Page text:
The Government of Canada released a new report today that details how Canada’s climate has changed in the recent past, how it is likely to change in the future, and how these changes fit within the global context of anthropogenic climate change. Titled, Canada’s Changing Climate Report (CCCR), it explores the changes that Canada has seen, drawing on data from the recent past and climate model projections for the middle and end of the current century.


This figure, from the CCCR, shows the observed changes in annual average temperature between 1948 and 2016. Image credit: Environment and Climate Change Canada.

Some key findings of the report are as follows. Canada’s climate has warmed by about 1.7 °C over the 1948-2016 period (see figure), roughly double the global rate, due to human influences. This warming is greater over the winter season and in Northern Canada, where warming is occurring at about three times the global rate. Further warming is inevitable and dependent on global greenhouse gas emissions. Warming is causing increases in heat extremes and decreases in cold extremes. This warming will increase the severity of heat waves and affect both droughts and heatwaves. Smaller snowpacks, declining glacier ice and warmer surface temperatures may reduce freshwater availability during the summer. Precipitation is projected to increase across most of the country, with an overall shift toward less snow and more rain. As the oceans warm, sea level continues to rise and ocean oxygen levels decrease. Simultaneously, atmospheric carbon dioxide continues to be taken up by the ocean, increasing ocean acidification. Sea-ice-free conditions in the Arctic and Atlantic oceans are expected to increase in duration and extent. The magnitude of all of these changes is dependent on anthropogenic greenhouse gas emissions: greater emissions lead to greater projected changes and potential impacts, while emitting less greenhouse gasses leads to smaller projected changes and impacts.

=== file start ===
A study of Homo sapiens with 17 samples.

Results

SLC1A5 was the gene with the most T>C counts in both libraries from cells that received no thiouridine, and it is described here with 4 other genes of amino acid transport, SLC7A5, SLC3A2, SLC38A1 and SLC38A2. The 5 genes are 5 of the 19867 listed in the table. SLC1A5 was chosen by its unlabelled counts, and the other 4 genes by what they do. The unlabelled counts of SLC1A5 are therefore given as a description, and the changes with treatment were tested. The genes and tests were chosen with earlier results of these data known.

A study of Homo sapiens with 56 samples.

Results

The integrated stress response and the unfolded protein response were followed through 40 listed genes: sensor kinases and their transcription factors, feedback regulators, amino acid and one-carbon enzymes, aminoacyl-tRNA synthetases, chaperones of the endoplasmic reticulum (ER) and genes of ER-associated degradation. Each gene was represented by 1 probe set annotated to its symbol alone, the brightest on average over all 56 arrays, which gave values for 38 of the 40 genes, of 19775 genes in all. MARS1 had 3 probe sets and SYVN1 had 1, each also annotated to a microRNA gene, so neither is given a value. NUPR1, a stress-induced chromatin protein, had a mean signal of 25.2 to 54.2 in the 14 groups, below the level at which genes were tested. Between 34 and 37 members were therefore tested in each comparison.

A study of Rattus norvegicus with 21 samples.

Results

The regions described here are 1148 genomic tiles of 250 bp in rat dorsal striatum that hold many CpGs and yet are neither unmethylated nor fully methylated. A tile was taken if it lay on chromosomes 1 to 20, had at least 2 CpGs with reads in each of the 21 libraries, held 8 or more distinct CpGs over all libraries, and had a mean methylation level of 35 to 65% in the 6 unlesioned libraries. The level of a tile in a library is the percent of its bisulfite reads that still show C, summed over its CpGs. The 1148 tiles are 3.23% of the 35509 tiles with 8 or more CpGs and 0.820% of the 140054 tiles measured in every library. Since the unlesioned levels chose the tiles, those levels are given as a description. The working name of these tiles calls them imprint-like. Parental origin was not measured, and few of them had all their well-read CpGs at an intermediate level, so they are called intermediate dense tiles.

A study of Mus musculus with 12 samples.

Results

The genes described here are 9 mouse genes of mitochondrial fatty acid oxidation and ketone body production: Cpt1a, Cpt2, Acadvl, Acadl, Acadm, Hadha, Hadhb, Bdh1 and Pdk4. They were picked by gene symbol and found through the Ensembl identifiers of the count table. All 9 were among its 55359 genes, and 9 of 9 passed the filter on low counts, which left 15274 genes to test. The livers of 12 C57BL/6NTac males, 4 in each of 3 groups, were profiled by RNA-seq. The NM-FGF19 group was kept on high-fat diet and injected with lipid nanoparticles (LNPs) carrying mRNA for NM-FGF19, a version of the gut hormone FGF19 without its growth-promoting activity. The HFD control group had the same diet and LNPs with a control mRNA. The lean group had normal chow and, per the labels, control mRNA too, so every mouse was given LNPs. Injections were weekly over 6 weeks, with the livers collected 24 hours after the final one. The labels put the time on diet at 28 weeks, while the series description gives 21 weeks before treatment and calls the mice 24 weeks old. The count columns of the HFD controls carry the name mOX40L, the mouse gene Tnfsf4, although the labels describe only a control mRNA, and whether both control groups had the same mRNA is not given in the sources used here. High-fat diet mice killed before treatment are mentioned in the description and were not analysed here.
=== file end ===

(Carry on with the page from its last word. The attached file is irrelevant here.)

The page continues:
The report was a collaborative effort, drawing on expertise from Environment and Climate Change Canada, Fisheries and Oceans Canada, Natural Resources Canada and scientists from Canadian universities. Former PCIC researchers Alex Cannon and Megan Kirchmeier-Young were chapter co-authors on the report. It is part of an ongoing national assessment, Canada in a Changing Climate: Advancing Our Knowledge for Action that will result in several reports over the next four years, covering the basic science, national issues, regional implications and health implications of the changing climate.


The report is freely available online, here.

More information on Canada in a Changing Climate can be found here.